Prime Minister Narendra Modi at the Global Citizen Festival, 2014 in New York
My presence at the Global Citizen Festival in Central Park yesterday was an anomaly; an incongruity, really. It was my life’s first rock/music concert. I am happy to admit I enjoyed the 45 minutes or so that I spent there. Everyone at a rock concert is young irrespective of how old they really are. It is as if age has been suspended for the duration of the concert.
I was there because India’s Prime Minister Narendra Modi was also to be there—he onstage and I in the media enclosure, he as a guest of honor and I , well, just there. Jay Z was there, so was Beyoncé. The Roots were there, so was No Doubt. Carrie Underwood was there, so was Fun. Alicia Keys was there, so was Sting. With actor Hugh Jackman as the MC, the concert was the place to be. When I reached the venue along with a media contingent The Roots were playing some pretty captivating stuff. I realized at that point why people go to live concerts. Life stands utterly amplified at such concerts.
Speaking of amplification, the one Indian politician who loves it more than any is Narendra Modi. His presence there may have seemed a bit odd to some but when you consider the objective of Global Citizen to end poverty by 2030 by involving global citizens, you get the reason why Modi would not have missed it. In the morning, he had addressed a somnambulant United Nations General Assembly (UNGA) in a sweeping but still specific speech. The Global Citizen concert was like the UNGA with bling and hipness. It was an audience he could not have bought at any cost. It was delivered to him on the glistening backs of global celebrities and he made the most of it.
Modi’s seven-minute speech began with “How are you doing, New York? and ended with “May the force be with you.” In between, he said things like “I salute you” and “I believe in you”. He was there to harness the youthful energy and vigor and he did manage to do it. In the process, he also got himself an entrée into a world that is often out of bounds for politicians. When he concluded with the cult-like wish from ‘Star Wars’ , I could hear the audience lap it up with loud cheer. They did not expect a 64-year-old politician to attend in the first place. They did not expect him to connect with them in the second place. And they certainly did not expect him to say “May the force be with you.”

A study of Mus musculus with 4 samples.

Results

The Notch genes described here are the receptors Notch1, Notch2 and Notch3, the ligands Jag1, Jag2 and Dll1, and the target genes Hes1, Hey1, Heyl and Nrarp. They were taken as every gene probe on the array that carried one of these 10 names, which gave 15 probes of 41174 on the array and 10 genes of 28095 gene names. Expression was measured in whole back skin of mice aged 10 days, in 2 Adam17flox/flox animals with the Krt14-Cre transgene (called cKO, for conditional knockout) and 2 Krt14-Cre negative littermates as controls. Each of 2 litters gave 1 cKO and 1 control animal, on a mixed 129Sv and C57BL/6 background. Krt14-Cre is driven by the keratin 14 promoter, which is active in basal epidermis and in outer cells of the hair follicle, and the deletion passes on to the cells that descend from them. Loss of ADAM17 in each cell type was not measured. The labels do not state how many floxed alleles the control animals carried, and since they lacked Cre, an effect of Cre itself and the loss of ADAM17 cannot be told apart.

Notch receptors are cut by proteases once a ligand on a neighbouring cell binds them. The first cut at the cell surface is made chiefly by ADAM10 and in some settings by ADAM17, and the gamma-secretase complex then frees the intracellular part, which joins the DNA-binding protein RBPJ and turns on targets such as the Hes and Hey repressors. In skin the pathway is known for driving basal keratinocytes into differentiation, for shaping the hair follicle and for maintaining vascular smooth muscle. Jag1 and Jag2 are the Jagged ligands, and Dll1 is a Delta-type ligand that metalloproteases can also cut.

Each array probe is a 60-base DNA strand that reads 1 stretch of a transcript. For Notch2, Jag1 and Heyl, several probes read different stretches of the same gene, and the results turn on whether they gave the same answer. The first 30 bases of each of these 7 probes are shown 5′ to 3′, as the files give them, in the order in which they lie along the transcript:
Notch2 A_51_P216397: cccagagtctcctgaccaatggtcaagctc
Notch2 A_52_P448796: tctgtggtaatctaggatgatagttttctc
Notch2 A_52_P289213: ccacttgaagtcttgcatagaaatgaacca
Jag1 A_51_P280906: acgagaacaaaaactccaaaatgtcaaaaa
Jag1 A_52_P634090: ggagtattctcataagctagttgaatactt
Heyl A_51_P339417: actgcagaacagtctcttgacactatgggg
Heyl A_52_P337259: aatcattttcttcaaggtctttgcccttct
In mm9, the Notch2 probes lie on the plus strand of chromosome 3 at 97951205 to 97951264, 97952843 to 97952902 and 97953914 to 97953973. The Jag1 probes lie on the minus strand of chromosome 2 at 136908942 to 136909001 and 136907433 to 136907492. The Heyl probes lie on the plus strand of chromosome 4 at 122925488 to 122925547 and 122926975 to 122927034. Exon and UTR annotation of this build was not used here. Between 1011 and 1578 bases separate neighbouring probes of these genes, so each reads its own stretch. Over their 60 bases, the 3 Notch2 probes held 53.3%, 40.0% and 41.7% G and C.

The audience seemed to love it and Jackman made sure by reiterating “What a speech!”
As I continue my Modiwatching through his maiden US tour as prime minister, it strikes me again and again how he has been on a roll for the past six months. I half expect him to say what Jim Carrey said in ‘The Mask’, “Somebody, stop me.” The winning streak is expected to continue as the prime minister travels to Washington tomorrow to meet President Barack Obama.
Incidentally, this is how Global Citizen describes itself: “Global Citizen is a tool to amplify and unite a generation’s call for justice. It’s a place for you to learn and act, to bring an end to extreme poverty.
Global Citizens know that a world that deprives 1.2 billion people of their basic rights and opportunities is unjust and unacceptable. We celebrate the efforts made to cut extreme poverty by half, but recognise more still needs to be done. We know that people living in extreme poverty are working hard themselves, and that we need to learn and take action to change the rules that trap them in broken systems.
We use Global Citizen to learn more about issues, so we can take effective action for change and find opportunities to support campaigns and organisations creating sustainable change. Right now Global Citizen is in launch phase, but in coming weeks and months it will feature new issues, with the latest information and action opportunities, so you can take effective action for change.
There are more than 250,000 Global Citizens already taking action around the world – we hope that you join us.”